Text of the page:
The offer seemed incredible, Elvira Torres recalled Tuesday: Invest $15,000 and, in just a few short months, receive $30,000 back.
So Torres and her husband, Fidel, scraped together the $15,000--and rounded up $30,000 more from seven sisters and friends--handing it over to Rosalba Chavez, an immigrant from Guadalajara, Mexico, who said it would be invested in distressed properties by a mysterious woman in Hollywood.
“We wanted to buy a better house,” said Elvira Torres, 31, a Bell Gardens housewife. “But we lost everything instead.”
Chavez, 27, of Los Angeles, was sentenced Tuesday to six years in state prison by Los Angeles Superior Court Judge David A. Horowitz, who had found her guilty on 35 counts of grand theft and bad check writing in which at least 28 victims, mostly working-class Mexican immigrants, lost more than $1 million.
In passing sentence, Horowitz expressed frustration that he could not order Chavez to pay restitution in addition to the prison term.
Chavez faced up to 10 years behind bars, but the district attorney’s office agreed to seek six years maximum in return for Chavez waiving the right to a lengthy jury trial. Horowitz found Chavez--who said she had only earned commissions from the mystery woman--guilty, based mainly on the transcripts of a preliminary hearing.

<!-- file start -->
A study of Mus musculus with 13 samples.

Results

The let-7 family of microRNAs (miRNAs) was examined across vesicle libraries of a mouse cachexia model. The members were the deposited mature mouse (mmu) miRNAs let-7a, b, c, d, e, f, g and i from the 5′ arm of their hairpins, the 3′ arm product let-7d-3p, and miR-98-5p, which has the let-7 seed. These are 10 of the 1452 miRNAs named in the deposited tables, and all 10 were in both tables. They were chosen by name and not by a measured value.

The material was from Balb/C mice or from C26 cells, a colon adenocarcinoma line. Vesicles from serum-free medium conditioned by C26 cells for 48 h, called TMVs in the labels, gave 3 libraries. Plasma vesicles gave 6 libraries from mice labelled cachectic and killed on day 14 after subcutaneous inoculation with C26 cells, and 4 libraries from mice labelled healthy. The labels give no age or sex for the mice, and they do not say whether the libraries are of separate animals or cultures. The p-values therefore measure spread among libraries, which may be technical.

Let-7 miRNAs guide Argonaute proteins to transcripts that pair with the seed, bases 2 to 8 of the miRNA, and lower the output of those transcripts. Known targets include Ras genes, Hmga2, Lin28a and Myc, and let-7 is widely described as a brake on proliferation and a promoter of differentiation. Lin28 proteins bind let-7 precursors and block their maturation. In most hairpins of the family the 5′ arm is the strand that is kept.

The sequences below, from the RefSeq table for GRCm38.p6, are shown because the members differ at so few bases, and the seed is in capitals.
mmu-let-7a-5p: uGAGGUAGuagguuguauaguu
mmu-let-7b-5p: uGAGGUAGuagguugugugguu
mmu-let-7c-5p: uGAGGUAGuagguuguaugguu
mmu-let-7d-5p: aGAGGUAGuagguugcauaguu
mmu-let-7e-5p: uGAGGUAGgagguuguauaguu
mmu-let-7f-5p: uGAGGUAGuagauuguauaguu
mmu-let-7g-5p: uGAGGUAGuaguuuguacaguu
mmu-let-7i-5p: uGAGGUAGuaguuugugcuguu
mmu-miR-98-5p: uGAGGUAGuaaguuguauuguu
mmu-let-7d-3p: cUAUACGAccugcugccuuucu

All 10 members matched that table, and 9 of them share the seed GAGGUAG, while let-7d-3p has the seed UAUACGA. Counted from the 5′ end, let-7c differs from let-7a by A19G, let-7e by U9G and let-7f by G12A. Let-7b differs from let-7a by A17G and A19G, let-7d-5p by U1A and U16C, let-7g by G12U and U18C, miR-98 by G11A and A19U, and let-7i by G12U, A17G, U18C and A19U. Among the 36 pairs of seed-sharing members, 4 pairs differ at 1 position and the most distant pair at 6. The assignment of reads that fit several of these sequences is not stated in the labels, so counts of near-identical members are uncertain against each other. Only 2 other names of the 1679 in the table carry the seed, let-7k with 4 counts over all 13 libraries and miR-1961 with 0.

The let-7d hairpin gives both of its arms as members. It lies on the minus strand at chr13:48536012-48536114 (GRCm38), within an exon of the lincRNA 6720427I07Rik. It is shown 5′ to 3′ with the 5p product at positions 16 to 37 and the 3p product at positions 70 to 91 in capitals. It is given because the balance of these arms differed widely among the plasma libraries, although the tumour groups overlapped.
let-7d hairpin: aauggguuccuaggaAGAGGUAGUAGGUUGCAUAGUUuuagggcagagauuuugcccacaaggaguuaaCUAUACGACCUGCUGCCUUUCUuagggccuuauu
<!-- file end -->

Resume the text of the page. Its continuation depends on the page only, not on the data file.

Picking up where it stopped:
Deputy Dist. Atty. Judy Gray said after sentencing that it appears that both the distressed property and the mystery woman--who Chavez on different occasions said was named Maria De Lucia or Maria Hernandez--never existed. Most of the money, the prosecutor added, is apparently gone.
Gray noted that Chavez, who had previously worked as a restaurant cashier and baby sitter, began driving a new Mercedes-Benz once she began collecting the investments in late 1982.
Chavez’s court-appointed attorney, Paul Horgan, said that, although he was unable to produce the mystery woman in court, “I frankly can’t believe this woman (Chavez), with her background, could have been the investor.”
‘Seems Too Good’
According to Gray, the case showed that “if a deal seems too good, it probably is--and don’t invest more than you can afford to lose.”
Manuel Camacho, who owns rental properties, agreed.
The 61-year-old Los Angeles man said he borrowed money on a credit card and on his daughter’s property to invest with Chavez. He lost $133,000 and his elderly sister lost more than $100,000.
Camacho, who said Chavez was “very, very convincing,” is suing the woman in civil court for the return of his investment.